Rows and rows of seated high school seniors in powder blue caps and gowns, seen from behind, fill a high school gym.

Maegan Parrish, an honor student chosen as a commencement speaker for her graduation on Saturday, remembers the date when she was last a full-time, in-person high school student.

March 12, 2020.

Seen in profile, a female high school senior in powder blue cap and gown speaks into microphoneShe remembers something else as vividly: how she and her peers in the LCPS Class of 2022 navigated a high school career interrupted by hurricanes and floods and turned upside down by the disruptive nature of the coronavirus pandemic.

“The Class of 2022 didn’t just persevere. We conquered.” Maegan said in her keynote address “As teenagers, we faced down a hurricane, stared a global pandemic right in the eye and got quarantined in our houses with our parents and family for days on end. If we can do that, then we can do anything.”

Male high school senior in white cap and gown speaks at podium

It’s expected during commencement season that adults offer advice and encouragement to young graduates – and there was some of that Saturday when South Lenoir, Kinston and North Lenoir high schools awarded diplomas to 451 seniors in back-to-back-to-back ceremonies – but when seniors spoke, they often congratulated their classmates on achieving under difficult circumstances and thanked the teachers, school leaders and family members who helped them reach the milestone represented by a diploma.

“A global pandemic forced us to find new ways to go about our lives,” Nicholas Harvey III told his Kinston High classmates during his commencement address. “It was unquestionably demanding, but we got through it together, as a community, as a family.”

Male high school senior in white cap and gown speaks at podium.Nicholas was honored with the Academic Scholar Award that goes to the Kinston High student with the highest GPA and classmate Nyviar Davis, also a commencement speaker, received the Viking Scholar Award.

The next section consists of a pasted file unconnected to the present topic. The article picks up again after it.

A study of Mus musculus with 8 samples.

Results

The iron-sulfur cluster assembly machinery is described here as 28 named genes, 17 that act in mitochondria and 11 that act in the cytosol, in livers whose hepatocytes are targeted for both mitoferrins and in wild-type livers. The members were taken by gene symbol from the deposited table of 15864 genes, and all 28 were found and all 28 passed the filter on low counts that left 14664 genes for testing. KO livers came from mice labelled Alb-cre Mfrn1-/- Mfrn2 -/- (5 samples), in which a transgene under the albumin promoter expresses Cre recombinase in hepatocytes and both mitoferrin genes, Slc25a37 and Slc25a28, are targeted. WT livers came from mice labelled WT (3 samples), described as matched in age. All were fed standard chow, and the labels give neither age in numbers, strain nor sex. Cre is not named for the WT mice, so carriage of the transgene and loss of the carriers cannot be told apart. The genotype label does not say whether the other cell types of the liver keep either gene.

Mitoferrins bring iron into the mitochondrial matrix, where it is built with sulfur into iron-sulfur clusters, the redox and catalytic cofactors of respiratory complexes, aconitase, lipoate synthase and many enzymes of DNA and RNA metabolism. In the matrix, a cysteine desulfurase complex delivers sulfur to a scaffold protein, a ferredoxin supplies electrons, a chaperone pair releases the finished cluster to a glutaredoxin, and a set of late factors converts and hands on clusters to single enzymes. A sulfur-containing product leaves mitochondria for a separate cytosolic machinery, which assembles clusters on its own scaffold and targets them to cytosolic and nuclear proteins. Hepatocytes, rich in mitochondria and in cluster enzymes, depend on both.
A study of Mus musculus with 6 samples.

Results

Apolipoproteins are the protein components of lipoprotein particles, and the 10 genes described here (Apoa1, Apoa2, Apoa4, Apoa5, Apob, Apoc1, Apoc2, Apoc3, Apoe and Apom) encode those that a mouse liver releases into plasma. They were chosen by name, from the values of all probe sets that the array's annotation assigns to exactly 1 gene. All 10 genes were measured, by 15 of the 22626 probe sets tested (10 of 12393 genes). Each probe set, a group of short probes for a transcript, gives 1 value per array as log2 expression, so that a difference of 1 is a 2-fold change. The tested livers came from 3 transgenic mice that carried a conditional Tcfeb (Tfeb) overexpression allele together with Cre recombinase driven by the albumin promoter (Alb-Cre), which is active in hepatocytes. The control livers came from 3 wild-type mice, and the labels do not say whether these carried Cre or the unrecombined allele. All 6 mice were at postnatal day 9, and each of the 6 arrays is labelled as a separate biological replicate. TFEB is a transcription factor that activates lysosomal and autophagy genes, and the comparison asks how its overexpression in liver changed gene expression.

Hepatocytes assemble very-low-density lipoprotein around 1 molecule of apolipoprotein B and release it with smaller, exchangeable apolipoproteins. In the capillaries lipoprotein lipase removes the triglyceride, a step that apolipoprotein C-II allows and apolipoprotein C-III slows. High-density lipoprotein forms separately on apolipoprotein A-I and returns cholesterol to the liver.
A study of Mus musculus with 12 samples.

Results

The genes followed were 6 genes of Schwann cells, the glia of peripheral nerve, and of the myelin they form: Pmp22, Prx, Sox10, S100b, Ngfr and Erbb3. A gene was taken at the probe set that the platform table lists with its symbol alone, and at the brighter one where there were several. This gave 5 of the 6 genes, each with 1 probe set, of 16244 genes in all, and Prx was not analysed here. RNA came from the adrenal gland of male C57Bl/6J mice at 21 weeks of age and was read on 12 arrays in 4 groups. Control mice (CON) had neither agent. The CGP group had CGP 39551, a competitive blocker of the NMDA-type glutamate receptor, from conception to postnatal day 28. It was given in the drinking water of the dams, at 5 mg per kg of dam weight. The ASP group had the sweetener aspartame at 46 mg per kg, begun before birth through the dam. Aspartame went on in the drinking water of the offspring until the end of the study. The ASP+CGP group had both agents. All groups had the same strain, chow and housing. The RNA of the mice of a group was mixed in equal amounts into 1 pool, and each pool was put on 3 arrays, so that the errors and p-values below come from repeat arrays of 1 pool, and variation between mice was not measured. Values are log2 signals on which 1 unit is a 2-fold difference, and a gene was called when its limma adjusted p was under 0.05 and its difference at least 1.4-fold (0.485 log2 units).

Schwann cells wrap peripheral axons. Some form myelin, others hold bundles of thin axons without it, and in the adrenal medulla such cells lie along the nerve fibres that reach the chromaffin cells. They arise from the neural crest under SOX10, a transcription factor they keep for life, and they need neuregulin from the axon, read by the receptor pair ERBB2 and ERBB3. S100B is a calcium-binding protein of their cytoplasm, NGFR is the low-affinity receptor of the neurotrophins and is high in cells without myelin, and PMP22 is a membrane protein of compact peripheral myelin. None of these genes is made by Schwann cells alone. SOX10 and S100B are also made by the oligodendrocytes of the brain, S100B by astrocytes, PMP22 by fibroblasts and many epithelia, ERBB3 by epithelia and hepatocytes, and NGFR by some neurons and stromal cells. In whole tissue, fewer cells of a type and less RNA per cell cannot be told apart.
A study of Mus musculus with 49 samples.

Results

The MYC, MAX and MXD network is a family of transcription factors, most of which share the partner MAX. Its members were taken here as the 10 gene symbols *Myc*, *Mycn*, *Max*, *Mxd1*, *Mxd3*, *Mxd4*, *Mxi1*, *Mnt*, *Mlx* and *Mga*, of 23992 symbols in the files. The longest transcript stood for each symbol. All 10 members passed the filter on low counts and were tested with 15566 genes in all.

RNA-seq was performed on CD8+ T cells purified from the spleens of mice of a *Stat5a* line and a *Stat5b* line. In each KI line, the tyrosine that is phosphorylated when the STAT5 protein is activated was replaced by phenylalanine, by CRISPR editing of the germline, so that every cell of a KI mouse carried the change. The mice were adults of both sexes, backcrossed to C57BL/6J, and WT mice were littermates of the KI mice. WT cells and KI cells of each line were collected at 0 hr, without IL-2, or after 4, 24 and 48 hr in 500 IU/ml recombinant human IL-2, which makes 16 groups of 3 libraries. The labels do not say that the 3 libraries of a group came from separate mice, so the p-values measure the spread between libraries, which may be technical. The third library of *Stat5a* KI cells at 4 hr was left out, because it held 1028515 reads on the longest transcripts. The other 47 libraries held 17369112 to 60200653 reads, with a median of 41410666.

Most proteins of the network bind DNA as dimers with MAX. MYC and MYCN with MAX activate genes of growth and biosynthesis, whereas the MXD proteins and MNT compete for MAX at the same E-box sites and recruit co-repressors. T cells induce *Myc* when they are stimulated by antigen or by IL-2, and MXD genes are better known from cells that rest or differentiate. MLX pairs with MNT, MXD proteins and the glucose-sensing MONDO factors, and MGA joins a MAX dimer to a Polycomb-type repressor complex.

Nyviar urged his classmates to test themselves. “Don’t be afraid to step out of your comfort zone,” he said. “Comfort leads to limiting yourself. You need courage and the ability to take risks to truly live.”

Dr. Christopher “Bryce” Grady, a 2008 graduate of North Lenoir High School who is now a pharmacist in Kinston, Adult male in black graduation gown speaks at podiuminfused the keynote commencement address at his alma mater with statements of faith. “Life is full of challenges, but what I can promise you is that God will see you through it,” he said. “Through my own personal challenges and chapters, God reminded me in high school, sitting where you are today, of Philippians 4:13, that all things are possible through Him.”

In five graduation exercises over the past four weeks, LCPS awarded diplomas to 506 seniors.  In addition to the three graduation events held Saturday, LCPS featured commencements at Lenoir County Early College High School on May 4 and at Lenoir County Learning Academy on June 1. Together, the Class of 2022 accumulated $9.8 million in scholarship offers.

Female high school senior in powder blue cap and gown speaks at podiumOne among those scores of scholarship winners, Isabelle Vernon of South Lenoir High – heading to East Carolina University as a Maynard Scholar with plans to become a history teacher – could have been speaking as much for the Class of 2022 as to them during her commencement address.

“Even with the heartache of the pandemic and other struggles,” Isabelle said, “we have overcome the challenges of high school and are now sitting before this audience and each other as graduates.”